By Marjella Alma
“We’re going backward in a field that is supposed to be all about moving forward,” Hillary Clinton said at the Watermark Silicon Valley Conference this past February. “We can literally count on one hand the number of women who have actually been able to come here and turn their dreams into billion-dollar businesses."
I’m not a feminist -- maybe you can call me an “idealist realist” -- and I believe in meritocracy in business. The best person for the job should do the job regardless of gender; but I am fascinated by how women in business and politics change things. In this blog, I am going to give credit to some amazing women I’ve come across along my journey as CEO and co-founder of eRevalue, albeit short.
I wonder if you will recognize this, but many times my husband (CFO at eRevalue) and I leave a meeting with completely different takeaways. “Were we in the same meeting?” we'll ask. Yes, we definitely were -- but with entirely different perspectives and emotions.
That mere observation, coupled with the fact that women are just now starting to climb the ladder, is at the very least remarkable and suggests how more women at the top may impact corporate decision-making. This will, I believe, lead to more well-rounded decisions -- why not call it “curvy decision-making” (I know, bad joke, I take it back) -- as issues will be analyzed and considered from more diverse vantage points.
Beyond a finger-counting exercise, the gender gap and related biases in Silicon Valley are palpable challenges that companies – large and small, established and emerging – face each day. A recent article in the Guardian noted that only 11 percent of executives and around 20 percent of software developers in Silicon Valley are women. To a large degree, this may have to do with personal preference, but I think our female data scientists at eRevalue would disagree.
What’s more, only 53 percent of big tech companies have women on their executive management team, compared with 84 percent for America’s biggest firms of all kinds.
Okay, so this is research that I like. Let’s deep dive into the facts, and have a good ol’ discussion on this one, as we do everyday at eRevalue.
A new study by Quantopian shows that women CEOs in the Fortune 1,000 drive three times the returns as S&P 500 enterprises run predominantly by men. How is this possible? The study compared the performance of Fortune 1,000 companies that had women CEOs between 2002 and 2014 against the S&P 500’s performance during that same period.
As you can see below, the 80 women CEOs during those 12 years produced equity returns 226 percent better than the S&P 500.
For some reason, at eRevalue, I have a lot of women around me. This was really not planned. These include our “women who code” in London, to our chairman in Toronto, head of North-American business development, and global Piloteers. We’ve built Datamaran -- our flagship software -- with many female thought leaders from HP, Onimpact Suncor Energy, Boston College Center for Corporate Citizenship and more.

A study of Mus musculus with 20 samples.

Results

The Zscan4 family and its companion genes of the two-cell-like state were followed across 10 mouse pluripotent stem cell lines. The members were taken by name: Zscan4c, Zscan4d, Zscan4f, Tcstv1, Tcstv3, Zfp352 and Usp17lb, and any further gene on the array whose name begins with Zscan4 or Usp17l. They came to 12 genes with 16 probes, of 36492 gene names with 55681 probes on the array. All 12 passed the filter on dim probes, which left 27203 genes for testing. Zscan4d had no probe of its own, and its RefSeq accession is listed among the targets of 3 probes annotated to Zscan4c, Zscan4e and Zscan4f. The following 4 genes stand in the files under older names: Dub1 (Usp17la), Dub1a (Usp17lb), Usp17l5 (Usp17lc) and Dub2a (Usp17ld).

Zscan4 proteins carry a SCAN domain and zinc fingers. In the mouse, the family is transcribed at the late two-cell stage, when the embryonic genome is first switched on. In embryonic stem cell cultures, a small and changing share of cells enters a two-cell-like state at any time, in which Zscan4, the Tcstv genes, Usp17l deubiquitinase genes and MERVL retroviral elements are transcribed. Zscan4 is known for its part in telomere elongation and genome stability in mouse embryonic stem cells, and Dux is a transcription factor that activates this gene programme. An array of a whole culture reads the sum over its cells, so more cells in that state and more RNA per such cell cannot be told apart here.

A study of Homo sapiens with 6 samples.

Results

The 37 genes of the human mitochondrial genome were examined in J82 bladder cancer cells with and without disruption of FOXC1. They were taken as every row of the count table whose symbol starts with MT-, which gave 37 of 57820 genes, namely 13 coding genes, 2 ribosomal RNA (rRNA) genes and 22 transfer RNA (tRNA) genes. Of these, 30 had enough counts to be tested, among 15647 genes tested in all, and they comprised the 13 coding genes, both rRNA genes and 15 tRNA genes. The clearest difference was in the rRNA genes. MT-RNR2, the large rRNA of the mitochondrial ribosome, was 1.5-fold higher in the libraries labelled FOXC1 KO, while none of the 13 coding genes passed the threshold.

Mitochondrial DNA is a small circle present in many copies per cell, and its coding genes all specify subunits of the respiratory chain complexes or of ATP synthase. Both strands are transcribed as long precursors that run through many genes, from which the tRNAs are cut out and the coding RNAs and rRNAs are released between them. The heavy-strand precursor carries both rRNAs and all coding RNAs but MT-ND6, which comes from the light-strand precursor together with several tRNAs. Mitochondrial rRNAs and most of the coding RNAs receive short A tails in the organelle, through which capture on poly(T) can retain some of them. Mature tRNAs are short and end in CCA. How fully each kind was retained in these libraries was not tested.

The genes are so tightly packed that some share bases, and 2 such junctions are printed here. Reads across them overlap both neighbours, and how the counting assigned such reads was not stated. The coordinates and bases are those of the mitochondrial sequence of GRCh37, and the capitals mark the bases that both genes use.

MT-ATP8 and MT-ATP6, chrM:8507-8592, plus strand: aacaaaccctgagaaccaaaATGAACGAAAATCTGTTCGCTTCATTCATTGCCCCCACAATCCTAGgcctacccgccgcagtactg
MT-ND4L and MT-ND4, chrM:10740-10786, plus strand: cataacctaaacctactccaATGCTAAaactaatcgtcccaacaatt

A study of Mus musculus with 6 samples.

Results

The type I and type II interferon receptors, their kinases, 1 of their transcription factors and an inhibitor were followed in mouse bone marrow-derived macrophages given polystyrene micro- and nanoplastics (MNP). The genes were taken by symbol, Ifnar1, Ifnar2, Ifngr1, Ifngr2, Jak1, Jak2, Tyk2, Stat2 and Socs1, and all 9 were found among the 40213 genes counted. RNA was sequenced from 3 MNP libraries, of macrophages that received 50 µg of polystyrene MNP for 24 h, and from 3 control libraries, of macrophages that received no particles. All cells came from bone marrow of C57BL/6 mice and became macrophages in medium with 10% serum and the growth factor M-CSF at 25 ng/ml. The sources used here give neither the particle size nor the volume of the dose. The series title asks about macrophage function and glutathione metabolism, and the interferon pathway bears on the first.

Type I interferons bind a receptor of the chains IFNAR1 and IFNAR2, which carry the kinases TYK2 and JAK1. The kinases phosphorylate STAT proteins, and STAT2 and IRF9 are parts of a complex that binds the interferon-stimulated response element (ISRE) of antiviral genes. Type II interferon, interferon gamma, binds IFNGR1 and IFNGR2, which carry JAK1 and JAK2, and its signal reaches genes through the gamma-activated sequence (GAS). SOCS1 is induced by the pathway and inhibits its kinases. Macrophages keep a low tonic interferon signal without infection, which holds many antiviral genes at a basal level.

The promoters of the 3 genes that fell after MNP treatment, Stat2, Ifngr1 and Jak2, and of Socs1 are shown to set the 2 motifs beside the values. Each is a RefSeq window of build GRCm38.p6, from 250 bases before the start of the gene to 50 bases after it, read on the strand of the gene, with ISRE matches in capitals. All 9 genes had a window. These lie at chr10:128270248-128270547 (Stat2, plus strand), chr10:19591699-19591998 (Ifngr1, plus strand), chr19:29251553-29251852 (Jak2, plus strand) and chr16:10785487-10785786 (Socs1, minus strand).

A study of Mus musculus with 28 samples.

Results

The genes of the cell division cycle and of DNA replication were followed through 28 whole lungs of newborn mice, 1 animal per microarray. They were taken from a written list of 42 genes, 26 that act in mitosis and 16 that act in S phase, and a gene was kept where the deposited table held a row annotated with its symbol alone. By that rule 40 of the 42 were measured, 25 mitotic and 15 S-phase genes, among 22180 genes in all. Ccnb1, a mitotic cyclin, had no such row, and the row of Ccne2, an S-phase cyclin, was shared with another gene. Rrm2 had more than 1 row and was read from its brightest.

Breaking down silos has been the foundation of my professional life, and gender is undoubtedly a key part of that. I’ve witnessed and supported the efforts of business leaders to go beyond the bottom line and focus on both short- and long-term value creation within their companies. I realize now more than ever how important it is to break down the silos that exist between men and women in the tech sector, and keep an industry that is all about no-boundary innovation moving forward powerfully.
That’s why I am beyond thrilled that eRevalue has been selected as one of the finalists for TechCrunch Disrupt New York 2015. This is an incomparable opportunity to engage directly with other men and women who are positively disrupting business at the largest tech event in New York, and to bring ‘sustainable business and long-term value creation’ to the forefront of the conversation -- but we need your help.
Okay, so here comes the ask -- a small one but with a potentially big impact.
On Wednesday, May 6, the audience and our network can vote for us to participate in the Startup Battlefield. In this conversation, we hope to explain our business model and reinforce how we help businesses embrace the risks and opportunities associated with some of the most complex issues of our time -- climate change, modern slavery and boardroom diversity -- with confidence and foresight.
Voting runs from 8 a.m. to 2 p.m. ET on May 6 and will all be possible via this link. Simply click on the “VOTE” button that will appear that day next to our company profile.
Let’s keep breaking down silos between men and women -- one positive impact at a time.
We're just about to set the sails of Datamaran V1, so you if you're interested in learning, feel free to get in touch to schedule a demo.
Image credit: 1) eRevalue 2) Quantopian
Marjella Alma is the CEO and Co-Founder, eRevalue Ltd. She is a former Director of the Global Reporting Initiative - the most widely used standard for sustainability reporting. She has had a front row seat in the ESG space for the past 7 years. She believes technology will be a game changer and founded eRevalue in March 2014 to drive the role of big data in ESG.